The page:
BS4 Maritime transport
The number of visits to Finnish harbours almost doubled between mid 1980s and early 2000s. During the past three years the numbers of arriving roro vessels has decreased slightly. This has resulted in a decrease in the overall figures too. More than half of the ships arriving in Finnish harbours are roro ships, meaning ships designed to carry wheeled cargo such as trucks or railroad cars.
Oil transportation has increased significantly in the Gulf of Finland during the last decade. Increase has been the greatest in Russia, where new oil ports have been put into operation in the eastern part of the Gulf of Finland. Estonian ports were important already during the Soviet era, and have since then gained even more signifigance. The growth has been a lot slower in Finland, even though for example in port of Sköldvik (Porvoo) the annual oil transportation has increased from about 13 to 19 million tonnes during 1990-2007.
Impact on biodiversity
Maritime transportation has both direct and indirect impacts on the ecology of the Baltic Sea communities. The direct impacts consist mainly of the disturbance and erosion caused by moving vessels. Direct impacts also include oil spills. Indirect impacts result from the building and maintenance of the infrastructure supporting sea traffic.
A significant threat arising from increased sea traffic is the arrival of invasive species into the Baltic Sea. Invasive species are transferred from other marine areas especially in the vessels' ballast water tanks or attached to their hull. Some of the new species are likely to have strong impacts on the ecosystems and biodiversity of the Baltic Sea, through for example increased competition and changes in habitats and species interactions as well as community structure.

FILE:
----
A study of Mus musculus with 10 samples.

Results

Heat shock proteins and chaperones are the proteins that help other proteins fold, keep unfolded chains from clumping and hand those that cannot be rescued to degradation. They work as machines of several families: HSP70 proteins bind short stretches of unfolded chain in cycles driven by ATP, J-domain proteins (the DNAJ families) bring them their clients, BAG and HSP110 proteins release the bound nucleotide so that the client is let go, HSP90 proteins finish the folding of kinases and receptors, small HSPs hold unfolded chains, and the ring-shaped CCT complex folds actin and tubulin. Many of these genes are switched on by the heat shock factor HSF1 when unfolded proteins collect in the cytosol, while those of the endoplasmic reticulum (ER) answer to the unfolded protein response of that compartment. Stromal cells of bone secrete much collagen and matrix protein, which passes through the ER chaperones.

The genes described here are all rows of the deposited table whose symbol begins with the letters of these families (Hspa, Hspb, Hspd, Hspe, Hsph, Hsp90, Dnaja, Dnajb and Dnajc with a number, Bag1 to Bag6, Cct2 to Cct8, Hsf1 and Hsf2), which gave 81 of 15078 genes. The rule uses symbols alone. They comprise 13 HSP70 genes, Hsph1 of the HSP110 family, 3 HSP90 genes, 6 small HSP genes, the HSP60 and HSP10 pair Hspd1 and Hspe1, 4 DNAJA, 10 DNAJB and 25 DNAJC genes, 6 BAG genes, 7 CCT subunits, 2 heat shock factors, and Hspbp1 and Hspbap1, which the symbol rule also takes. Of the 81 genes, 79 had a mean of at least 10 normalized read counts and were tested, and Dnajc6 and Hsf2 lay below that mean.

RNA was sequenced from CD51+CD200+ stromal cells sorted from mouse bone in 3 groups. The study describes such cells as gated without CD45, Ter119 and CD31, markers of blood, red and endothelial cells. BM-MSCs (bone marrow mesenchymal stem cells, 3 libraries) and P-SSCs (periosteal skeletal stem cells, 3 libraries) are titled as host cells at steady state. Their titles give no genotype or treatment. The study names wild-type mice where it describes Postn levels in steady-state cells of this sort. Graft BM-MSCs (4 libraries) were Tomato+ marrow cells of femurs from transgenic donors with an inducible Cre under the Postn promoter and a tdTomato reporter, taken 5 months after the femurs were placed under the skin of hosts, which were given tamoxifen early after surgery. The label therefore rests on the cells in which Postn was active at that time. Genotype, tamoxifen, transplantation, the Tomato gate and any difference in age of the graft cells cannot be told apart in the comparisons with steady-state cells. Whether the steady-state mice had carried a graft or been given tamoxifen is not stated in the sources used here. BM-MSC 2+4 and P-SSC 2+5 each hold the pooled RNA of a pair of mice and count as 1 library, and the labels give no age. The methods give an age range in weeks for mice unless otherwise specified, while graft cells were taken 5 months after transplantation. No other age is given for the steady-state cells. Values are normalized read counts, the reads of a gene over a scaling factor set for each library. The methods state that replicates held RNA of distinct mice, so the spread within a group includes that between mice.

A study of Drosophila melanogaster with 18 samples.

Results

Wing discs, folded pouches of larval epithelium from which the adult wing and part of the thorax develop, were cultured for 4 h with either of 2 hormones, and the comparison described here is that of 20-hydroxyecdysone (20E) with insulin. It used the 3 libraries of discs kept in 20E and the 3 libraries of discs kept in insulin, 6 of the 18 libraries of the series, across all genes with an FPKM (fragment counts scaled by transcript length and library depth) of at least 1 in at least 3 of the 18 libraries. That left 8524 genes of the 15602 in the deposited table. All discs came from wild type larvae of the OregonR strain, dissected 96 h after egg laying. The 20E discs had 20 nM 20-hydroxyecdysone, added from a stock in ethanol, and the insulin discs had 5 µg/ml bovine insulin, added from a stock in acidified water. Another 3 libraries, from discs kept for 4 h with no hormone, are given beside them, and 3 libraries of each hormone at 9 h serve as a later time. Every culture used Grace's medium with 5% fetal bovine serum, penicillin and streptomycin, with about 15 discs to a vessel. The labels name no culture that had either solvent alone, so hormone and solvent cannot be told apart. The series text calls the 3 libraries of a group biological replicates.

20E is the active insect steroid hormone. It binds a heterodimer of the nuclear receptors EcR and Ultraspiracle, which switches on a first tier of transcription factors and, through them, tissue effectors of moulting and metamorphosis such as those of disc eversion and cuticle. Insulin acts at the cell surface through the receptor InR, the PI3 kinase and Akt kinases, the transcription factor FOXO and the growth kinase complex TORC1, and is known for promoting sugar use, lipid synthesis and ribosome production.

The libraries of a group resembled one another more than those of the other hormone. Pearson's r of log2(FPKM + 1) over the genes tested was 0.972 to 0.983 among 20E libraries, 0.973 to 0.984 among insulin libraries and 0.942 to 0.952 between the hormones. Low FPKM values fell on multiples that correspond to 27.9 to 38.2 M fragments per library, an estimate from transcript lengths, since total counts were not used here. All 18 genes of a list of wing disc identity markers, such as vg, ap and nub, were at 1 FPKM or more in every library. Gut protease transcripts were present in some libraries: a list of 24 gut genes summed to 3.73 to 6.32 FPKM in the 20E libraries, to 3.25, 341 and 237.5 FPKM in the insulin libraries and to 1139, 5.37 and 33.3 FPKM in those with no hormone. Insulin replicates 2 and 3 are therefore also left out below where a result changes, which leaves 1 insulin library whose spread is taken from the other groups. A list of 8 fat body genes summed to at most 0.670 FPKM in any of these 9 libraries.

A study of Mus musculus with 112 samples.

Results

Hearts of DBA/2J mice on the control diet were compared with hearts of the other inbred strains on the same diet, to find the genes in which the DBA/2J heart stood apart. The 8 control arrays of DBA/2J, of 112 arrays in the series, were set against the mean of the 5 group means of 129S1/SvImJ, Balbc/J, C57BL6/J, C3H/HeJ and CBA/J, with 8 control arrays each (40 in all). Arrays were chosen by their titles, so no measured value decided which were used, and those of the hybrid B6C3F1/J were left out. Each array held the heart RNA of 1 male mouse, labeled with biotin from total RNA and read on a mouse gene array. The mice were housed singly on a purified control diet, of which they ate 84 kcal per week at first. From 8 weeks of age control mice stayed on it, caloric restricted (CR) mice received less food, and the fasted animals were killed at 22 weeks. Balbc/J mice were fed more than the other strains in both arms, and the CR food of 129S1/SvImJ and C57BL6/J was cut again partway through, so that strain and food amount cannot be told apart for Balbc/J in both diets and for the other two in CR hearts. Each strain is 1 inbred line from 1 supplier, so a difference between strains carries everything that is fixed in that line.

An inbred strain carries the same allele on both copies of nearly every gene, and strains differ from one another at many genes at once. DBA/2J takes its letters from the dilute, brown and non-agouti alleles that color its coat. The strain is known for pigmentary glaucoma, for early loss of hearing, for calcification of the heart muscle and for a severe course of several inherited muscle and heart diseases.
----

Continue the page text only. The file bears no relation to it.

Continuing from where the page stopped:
Illegal oil releases have been common in the Baltic Sea area. In 2001, 107 oil spills were observed in Finnish territorial waters. It is estimated that the amount of various size oil spills for the whole Baltic Sea varies from 500–800 per year. This continuous load is estimated to be more harmful for the ecosystem than any of the major oil accidents so far.
Organisms receive oil compounds from food or directly through their surface. In the organism the compounds act as toxins causing cell and tissue changes. The ability to endure oil in the habitat is species dependent. For example the amphipod Monoporeia affinis is very sensitive, but other species like the bivalve Macoma balthica survive a little longer. Fishes are usually not directly harmed by oil spills, since they actively move away, but the oil sinking to the seabed destroys spawning areas. Birds and mammals mostly suffer from oil staining, which at its worst harms feeding and breathing.